Groundhog Day was yesterday, which means we are very close to the crossover of the 2017 legislative session. Crossover, which comes shortly after the midpoint of each session, is the point by which the Senate must act on all senate bills and the House on all house bills. The bills then cross over to the other side for consideration.
At the beginning of each session each legislator has goals they want to accomplish. I am no different. One hundred forty legislators sponsored thousands of bills this year and had policies they sought to advance. Now however we are in the heart of the sausage-making process, and many of those dreams have been dashed. By next Tuesday, everything but the budget will cross over from each side to the other. The pace now is frenetic.
Many of the bills you have written or called about are still active. The bill that would limit the ability to develop broadband in many of our rural communities is moving forward. Frankly the bill has been rewritten multiple times. The new language is an improvement, but it still imposes rules from Richmond on local zoning authority. Because I don’t like top-down management, I will vote no.
Another bill that generated some interest will allow a utility company that buries its lines to recover those costs over a period of years. To me, this is an issue that should be settled by the State Corporation Commission. However, I voted for the bill. In recent years, we have seen damaging storms, including the derecho in 2012 and hurricanes, that have knocked power out for significant periods of time for Virginians. Our dependence on electricity continues to grow, and it makes sense to bury the lines. In my view, the benefits outweigh the costs.
While hundreds of bills are still moving through the process, many bills generating significant interest have died. The legislation, Senate Bills 1291 and 1292, that would have allowed fracking chemicals to be kept secret from the public died in committee. The public has a right to know which chemicals are being used during this process. Of course, the Virginia version of the “bathroom bill” was killed quickly during the first days of session. The Senate defeated legislation this week to create a Secretary for Coastal Protection and Flooding Adaptation, to require employers to provide paid sick leave and equal pay for equal work, and to allow everyone to carry a concealed firearm without a permit.
The Privileges and Elections Committee had a full docket this week with mixed results. While the Committee advanced legislation to reform our redistricting process, a resolution to put forward a constitutional amendment to permanently bar all violent felons from voting and remove executive authority to restore rights also passed. The resolutions are awaiting a final vote in the Senate.
On the mental health front, I’ve discussed many times my concerns about the tragic deaths of Natasha McKenna and Jamycheal Mitchell. The mental health task force that I’ve been privileged to lead for the past three years has been deliberating on how best to review and respond to such deaths. Delegate Rob Bell took the lead on this, and we developed a legislative proposal that specified the authority of the Board of Corrections to review jail deaths and requested funding to hire staff. It seems like a reasonable step forward. The regional jails and sheriffs participated in the discussion and development of this proposal. However meaningful legislation has so far hit a wall. The few dollars that would be necessary to hire additional staff have been scooped up for pay raises for law enforcement. The session is not over and budget deliberations remain, but we may have to wait another year before we make real progress.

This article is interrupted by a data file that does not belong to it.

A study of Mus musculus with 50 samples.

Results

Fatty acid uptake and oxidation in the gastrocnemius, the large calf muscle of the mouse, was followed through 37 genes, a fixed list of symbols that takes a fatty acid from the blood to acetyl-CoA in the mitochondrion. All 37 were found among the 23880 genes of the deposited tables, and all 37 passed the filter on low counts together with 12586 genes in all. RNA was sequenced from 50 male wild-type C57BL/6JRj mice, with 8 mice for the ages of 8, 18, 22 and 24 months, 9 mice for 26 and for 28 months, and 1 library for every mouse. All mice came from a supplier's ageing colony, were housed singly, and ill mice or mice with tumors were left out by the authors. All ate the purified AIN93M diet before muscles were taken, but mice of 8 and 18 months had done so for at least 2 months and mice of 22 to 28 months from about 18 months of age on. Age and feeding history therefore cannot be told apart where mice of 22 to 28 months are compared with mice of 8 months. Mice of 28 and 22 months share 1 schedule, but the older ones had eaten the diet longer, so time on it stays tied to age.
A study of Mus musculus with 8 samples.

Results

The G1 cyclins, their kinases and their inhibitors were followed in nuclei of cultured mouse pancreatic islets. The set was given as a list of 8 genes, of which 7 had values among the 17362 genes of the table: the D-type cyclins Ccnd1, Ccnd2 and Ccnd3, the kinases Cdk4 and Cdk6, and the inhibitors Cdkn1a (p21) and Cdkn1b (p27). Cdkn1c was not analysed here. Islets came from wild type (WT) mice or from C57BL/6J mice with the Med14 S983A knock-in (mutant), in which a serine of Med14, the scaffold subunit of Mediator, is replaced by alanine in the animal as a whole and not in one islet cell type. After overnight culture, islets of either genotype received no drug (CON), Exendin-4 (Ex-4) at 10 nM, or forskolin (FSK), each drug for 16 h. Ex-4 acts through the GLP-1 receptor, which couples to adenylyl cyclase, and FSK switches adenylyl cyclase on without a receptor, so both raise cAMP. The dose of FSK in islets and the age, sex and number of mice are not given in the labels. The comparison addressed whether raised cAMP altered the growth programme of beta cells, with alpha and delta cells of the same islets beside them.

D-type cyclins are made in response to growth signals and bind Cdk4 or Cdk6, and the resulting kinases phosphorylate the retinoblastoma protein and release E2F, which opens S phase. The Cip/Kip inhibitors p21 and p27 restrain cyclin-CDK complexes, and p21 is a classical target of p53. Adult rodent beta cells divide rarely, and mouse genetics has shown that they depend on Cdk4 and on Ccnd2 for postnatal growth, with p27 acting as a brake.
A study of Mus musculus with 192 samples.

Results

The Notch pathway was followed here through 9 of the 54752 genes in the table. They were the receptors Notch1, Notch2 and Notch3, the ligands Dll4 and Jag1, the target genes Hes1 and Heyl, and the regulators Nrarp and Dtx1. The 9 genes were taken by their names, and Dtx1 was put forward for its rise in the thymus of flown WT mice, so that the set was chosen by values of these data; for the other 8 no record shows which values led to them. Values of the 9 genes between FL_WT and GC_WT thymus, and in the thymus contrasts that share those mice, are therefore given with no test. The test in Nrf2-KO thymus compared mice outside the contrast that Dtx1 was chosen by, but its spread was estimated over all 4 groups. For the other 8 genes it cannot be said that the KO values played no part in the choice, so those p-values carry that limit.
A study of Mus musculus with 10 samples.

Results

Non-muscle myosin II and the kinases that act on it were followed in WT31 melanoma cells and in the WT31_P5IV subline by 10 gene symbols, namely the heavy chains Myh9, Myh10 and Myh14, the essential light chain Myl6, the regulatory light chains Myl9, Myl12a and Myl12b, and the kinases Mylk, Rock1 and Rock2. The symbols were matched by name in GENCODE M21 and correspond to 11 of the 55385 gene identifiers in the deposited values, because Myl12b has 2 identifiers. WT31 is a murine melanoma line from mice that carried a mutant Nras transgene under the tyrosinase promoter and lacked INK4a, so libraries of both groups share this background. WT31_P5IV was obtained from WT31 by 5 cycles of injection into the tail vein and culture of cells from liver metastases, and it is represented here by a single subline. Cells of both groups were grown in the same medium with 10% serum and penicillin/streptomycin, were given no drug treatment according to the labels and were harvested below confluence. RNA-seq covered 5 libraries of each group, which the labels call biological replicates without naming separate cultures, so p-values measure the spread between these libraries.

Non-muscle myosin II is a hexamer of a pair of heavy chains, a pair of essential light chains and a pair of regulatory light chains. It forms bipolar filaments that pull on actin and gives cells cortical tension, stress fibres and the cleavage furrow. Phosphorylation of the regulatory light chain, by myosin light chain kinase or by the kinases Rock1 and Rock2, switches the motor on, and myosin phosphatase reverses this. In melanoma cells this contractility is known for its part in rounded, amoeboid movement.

A couple of bills that I introduced were the subject of debate and close votes this past week. At the request of a Charlottesville constituent, I introduced legislation to allow mental health professionals to sign an application for an individual to obtain disabled parking placard. That issue stirred unimaginable controversy and ended in a tie vote in the Senate of Virginia. The lieutenant governor, Ralph Northam, broke the tie in favor of the bill.
Another bill I introduced on behalf of the Governor would allow someone convicted of a felony to petition the Supreme Court for a writ of actual innocence when there is biological evidence that shows the person is innocent. Right now the writ of actual innocence is only available to those people who were convicted of Class 1 or Class 2 felonies or who pled not guilty to another felony. This bill would make it available to all felons. The bill drew a lot of opposition and passed the Senate this week on a 24-16 vote. The bill now goes to the House of Delegates, which has already defeated a similar bill.
The Senate Finance and House Appropriations Committees will release their budgets this weekend. Those budgets are expected to reflect the shortfall we are facing and highlight the priorities of the committees. With the focus on pay raises, I worry about other pressing needs. I expect some people will be disappointed, but I look forward to seeing the final product of their work on Sunday.
The 2017 legislative session is rapidly passing. Time flies whether or not you are having fun. It continues to be my honor to serve you. Please contact my office at (804) 698-7525 or [email protected] if you have concerns about legislation pending before the General Assembly or need help with a state agency. I look forward to hearing from you and value your input.
Creigh Deeds is a Virginia state senator.